New wind, solar ordinances prove hot topic at Pottawattamie County board meeting
OMAHA, Neb. (WOWT) - The fight over wind and solar laws in Pottawattamie County drew a full house at Tuesday morning’s Board of Supervisors meeting.
The board is considering updating its rules for wind and solar development. Wind ordinances date back to 2007 and there have never been guidelines for solar. Now, the county is taking steps to add more restrictions and requirements to both.
“It became a pretty in-depth change to our wind ordinance,” said county planning director Matt Wyant.
The focus of Tuesday’s public hearing came down to setbacks or how close a wind turbine can be to property lines and homes.
Wyant explained the main change proposed.
“Our setbacks currently right now are 1000 feet from an occupied dwelling unless that property owner were to sign a waiver on that. You still have to be at least 1 time the height of the tower. The planning commission recommendation on that is to move the setback distance to 1500 feet from a property line and a half mile from a dwelling.”
Many spoke on behalf of RWE, an energy company that is planning a project to build more turbines in the county.
“If the board approves this recommendation, the buildable acres left on the 20,000 acres signed on to the project would result in only 9.3 acres of buildable acres, which is a project killer,” said RWE development manager Matthew Spaccapaniccia.
Wyant said RWE has flown in national support and experts during this new ordinance process. Farmers who signed land lease agreements with RWE for future turbines also showed out at the meeting. They support a proposal put forth by RWE instead where the setback distance would be “no less than 1,650 feet to the closest exterior wall of a non-participating dwelling (like a neighbor) as measured from the center of the wind turbine base.”
MidAmerican Energy, which owns all 120 turbines currently operating in the county, also opposes the county’s proposal.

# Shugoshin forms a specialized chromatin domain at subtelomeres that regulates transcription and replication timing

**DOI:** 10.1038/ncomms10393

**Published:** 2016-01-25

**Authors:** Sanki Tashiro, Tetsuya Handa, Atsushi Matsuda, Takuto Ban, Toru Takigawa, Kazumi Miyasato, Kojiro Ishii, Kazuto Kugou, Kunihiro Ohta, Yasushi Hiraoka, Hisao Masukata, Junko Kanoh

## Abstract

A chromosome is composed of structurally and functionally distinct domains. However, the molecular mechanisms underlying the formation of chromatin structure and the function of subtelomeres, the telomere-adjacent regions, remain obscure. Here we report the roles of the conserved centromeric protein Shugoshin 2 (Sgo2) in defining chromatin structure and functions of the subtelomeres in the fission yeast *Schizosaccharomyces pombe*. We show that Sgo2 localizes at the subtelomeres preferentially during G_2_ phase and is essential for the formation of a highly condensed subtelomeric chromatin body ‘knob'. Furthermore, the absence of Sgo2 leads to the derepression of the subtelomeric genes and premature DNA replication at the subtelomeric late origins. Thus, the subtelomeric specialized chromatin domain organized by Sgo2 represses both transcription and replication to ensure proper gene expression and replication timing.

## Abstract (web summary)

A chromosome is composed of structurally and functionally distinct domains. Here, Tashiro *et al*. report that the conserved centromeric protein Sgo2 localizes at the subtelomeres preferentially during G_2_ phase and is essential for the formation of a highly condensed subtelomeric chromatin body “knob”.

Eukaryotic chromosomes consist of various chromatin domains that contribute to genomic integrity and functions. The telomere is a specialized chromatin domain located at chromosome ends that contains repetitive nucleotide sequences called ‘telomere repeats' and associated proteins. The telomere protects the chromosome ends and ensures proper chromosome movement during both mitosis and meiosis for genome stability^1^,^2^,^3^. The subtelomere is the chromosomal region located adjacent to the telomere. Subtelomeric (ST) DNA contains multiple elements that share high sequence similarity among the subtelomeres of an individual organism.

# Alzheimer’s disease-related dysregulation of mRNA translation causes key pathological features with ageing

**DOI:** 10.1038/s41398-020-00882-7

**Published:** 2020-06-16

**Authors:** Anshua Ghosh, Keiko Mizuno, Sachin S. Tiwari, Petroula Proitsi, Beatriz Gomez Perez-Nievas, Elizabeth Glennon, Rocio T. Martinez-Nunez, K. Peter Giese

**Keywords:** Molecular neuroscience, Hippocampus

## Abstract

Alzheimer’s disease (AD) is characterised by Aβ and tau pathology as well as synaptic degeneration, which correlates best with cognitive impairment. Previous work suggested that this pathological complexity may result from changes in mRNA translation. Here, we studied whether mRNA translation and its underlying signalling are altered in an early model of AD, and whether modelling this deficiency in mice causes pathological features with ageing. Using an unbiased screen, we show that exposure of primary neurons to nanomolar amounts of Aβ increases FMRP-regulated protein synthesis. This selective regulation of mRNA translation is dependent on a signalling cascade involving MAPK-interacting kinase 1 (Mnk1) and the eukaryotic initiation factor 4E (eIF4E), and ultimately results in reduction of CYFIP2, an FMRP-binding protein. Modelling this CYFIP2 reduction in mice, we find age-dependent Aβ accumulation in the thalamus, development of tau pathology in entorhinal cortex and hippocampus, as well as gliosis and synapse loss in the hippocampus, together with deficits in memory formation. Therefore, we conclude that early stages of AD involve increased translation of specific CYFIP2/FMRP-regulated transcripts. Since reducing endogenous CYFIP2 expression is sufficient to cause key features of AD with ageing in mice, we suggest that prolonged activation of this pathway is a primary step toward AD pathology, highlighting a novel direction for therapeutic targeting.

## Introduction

“We’re opposed to this because this is effectively a prohibition of wind energy further developing in Pottawattamie County,” said William Dougherty with MidAmerican.
Others in the room spoke against the changes, but because they aren’t tough enough.
“Now...the new is better, but I would like to see it more, more of a setback,” said Rosalie Soloth of McClelland.
Critics of the turbines expressed aesthetic and sound concerns.
“We don’t want to listen to that and see it and get it pushed in upon us,” said James Schnoor of Silver City.
While the focus at the meeting was on setbacks, the planning commission’s recommendation includes additional requirements for wind turbines that Wyant said help balance the concerns of those who want the towers and those who don’t.
The county recommendation requires developers to create a road mitigation plan, survey the quality of roads, and ensure the contractor repairs roads. It also requires an agriculture mitigation plan and an additional committee to review applications.
He added another component: the county would require commercial wind turbine developers is a decommissioning plan with financial support to execute it.
Although solar power was a minor point in Tuesday’s meeting, 6 News asked Wyant about some rules for proposed solar developments.
“There’s road mitigation plans; there’s agriculture mitigation plans; there’s weed control plans; there’s site security plans in there; all the things that need to be considered when a large scale solar project is going to be sited,” said Wyant.
The new ordinance requires at least two votes for consideration to become law. Instead of voting on Tuesday, the board of supervisors decided to add an additional public hearing for those who couldn’t attend. That next hearing will be held at 6 p.m. Nov. 29 at the Oakland Community Center.